Message from a male reader: I’m 71 and still sleep with a Beautiful Woman!
That wise man is counting his blessings in a time of worry.
A laugh from a friend: A photo of a cocktail called a “Quarantini.” That’s humour amid crisis.
Medical science says that laughter produces chemicals in the body which relieve stress and enhance physical and mental health.
So, let’s have more of it. If you’re self-quarantined at home, sharing jokes and some amusing videos online is “good for you.”
The same goes for being helpful. Just circulating a list of stores that’ll deliver groceries or pharmacy needs, puts some people’s anxieties at ease.
Despite our rapidly-changing lifestyles due to Covid-19, there’s much to do:
Anything positive, anything that can help someone.
Keeping yourself safe is essential, but it doesn’t mean ignoring all others.
If you have an idea that can work in your community, send it out online. Ignore the naysayers.
So, here I am, self-quarantined Day 1 of 14, and using this advice column for the first time, to write about myself.
(My column is almost always about you, the Readers, who send me your personal relationship questions, seeking my published suggestions and advice).
Like many people these past two decades, I can work from anywhere on my laptop. In recent years, my husband and I found that the answer to weeks of cold, gray winters was to rent a small apartment near sand and sea for a while.
Now we’re back home.
Day 1 of staying isolated indoors has meant wiping down any supplies family members had helped accumulate ahead for us, plus sanitizing and laundering everything we brought back.
But, joyfully, it’s afforded the chance to Face Time at some length with our younger relatives who’ve been adapting to “going to school” remotely.
I find the Active 8 workout suggestion from an 11-year-old very hopeful - he does 25 reps of 8 different fitness activities. I’ll start with four.
A fitness trainer in my area has started teaching classes and individuals on ZOOM.
Another friend has always communicated with her university-age relatives through online Scrabble and Words With Friends.
If all this sounds Pollyanna-like about what’s actually a historic pandemic, my advice to Self is to get through it as best I can for as long as I can.
I urge you all to try to do the same. And stay connected.
If you live alone, contact any of the helping agencies and organizations in your city or community that are reaching out with information, networking, and ideas for living more sheltered-in-place than most of us have ever known.
The early signs of people everywhere hoarding goods and leaving bare shelves for others, were panic-driven.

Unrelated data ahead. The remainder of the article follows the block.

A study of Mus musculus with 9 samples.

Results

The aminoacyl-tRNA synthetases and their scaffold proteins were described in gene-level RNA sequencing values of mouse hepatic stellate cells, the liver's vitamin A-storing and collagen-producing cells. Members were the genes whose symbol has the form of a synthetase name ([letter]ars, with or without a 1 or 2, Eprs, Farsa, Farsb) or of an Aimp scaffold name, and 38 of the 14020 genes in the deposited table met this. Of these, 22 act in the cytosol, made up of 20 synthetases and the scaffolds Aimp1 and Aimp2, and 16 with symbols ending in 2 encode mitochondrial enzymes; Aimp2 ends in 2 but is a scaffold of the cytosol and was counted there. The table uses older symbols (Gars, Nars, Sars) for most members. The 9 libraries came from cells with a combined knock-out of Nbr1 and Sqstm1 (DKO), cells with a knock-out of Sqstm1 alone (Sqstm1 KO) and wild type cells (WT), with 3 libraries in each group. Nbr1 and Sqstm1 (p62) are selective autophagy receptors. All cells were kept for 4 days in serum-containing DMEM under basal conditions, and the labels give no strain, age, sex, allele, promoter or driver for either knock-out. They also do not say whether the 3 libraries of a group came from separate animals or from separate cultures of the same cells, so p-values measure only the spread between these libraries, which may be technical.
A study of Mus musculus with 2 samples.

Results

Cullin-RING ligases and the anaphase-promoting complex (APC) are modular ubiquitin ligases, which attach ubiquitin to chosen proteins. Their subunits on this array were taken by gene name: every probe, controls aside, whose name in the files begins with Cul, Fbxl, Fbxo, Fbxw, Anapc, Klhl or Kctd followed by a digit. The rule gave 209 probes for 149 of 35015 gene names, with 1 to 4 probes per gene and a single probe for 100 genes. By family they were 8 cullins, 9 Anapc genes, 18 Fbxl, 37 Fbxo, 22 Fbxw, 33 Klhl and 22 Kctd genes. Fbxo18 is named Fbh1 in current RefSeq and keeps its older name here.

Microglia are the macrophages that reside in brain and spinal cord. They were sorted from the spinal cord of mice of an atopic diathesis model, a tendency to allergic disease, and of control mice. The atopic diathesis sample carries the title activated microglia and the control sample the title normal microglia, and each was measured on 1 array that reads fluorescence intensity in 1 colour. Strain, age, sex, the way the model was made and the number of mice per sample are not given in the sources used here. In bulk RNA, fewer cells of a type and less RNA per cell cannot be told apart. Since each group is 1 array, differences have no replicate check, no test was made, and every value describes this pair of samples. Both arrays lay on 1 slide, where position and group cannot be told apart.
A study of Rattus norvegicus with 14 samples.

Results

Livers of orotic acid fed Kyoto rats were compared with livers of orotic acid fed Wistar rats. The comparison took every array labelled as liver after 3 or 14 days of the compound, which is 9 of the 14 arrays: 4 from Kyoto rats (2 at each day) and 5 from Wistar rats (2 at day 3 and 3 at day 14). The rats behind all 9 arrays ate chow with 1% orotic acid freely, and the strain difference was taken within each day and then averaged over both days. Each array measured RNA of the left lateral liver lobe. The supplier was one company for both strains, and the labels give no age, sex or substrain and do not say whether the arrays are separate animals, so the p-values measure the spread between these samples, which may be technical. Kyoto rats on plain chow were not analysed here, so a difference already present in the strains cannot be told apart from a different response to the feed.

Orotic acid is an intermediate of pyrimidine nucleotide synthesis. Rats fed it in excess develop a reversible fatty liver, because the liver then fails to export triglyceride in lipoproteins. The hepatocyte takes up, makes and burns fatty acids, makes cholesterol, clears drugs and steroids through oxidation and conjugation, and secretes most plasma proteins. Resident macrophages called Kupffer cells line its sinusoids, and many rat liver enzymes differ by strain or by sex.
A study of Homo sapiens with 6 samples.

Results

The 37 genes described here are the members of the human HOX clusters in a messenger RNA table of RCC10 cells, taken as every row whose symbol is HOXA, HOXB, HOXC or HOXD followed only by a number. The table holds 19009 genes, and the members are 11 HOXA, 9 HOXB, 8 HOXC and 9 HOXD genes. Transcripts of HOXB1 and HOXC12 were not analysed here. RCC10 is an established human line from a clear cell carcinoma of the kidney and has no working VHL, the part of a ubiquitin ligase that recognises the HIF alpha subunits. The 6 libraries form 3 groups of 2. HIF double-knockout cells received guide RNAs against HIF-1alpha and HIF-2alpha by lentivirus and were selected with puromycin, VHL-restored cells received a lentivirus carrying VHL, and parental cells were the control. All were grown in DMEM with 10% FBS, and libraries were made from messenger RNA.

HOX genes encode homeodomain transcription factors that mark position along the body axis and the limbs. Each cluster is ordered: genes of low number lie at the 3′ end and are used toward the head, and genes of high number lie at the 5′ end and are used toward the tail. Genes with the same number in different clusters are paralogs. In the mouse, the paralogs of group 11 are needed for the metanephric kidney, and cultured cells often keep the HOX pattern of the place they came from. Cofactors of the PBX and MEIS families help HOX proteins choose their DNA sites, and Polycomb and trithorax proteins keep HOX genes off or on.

Many of us are now recognizing that we’re in this together, that we can’t just give up, nor push to be the only one left.
That seems a way to invite the virus into your whole approach to life. Unacceptable.
Count your blessings, feed your humour and stay safe but mentally engaged with those you know and trust.
Read what inspires you, stay informed but don’t overdose on bad-news scenarios.
Avoid those who shame and blame people who are slow to accept the new rules… it’ll only take a few virus diagnoses to change that attitude. It’s really a matter for the authorities, not neighbours.
We all want the goal of survival to include coming out of all this without being spiritually destroyed.
I’m a single woman, 46, who was invited to dinner at a casual friend’s house three weeks ago.
It was just before we were advised to not be in crowds or socialize too closely.
I went and was surprised that the host, who’d mentioned inviting only eight people over, had invited 14!
Included was a woman I hadn’t met previously, who kept talking closely to my face and touching my arm. I was so uncomfortable that I made up an excuse to have to leave early.
Do I tell the host that he was much too casual about how his gathering could possibly harm his guests through spreading of the coronavirus?
No, that period has passed. The rules are spelled out clearly now. Sadly, there’ll always be some people who’ll avoid them. And that may prompt even stricter surveillance.
But self-protection is up to you. If a situation feels wrong, leave sooner than later.
Tip of the day:
Getting through social isolation requires finding online resources for human connection, creativity, fitness, and needed help.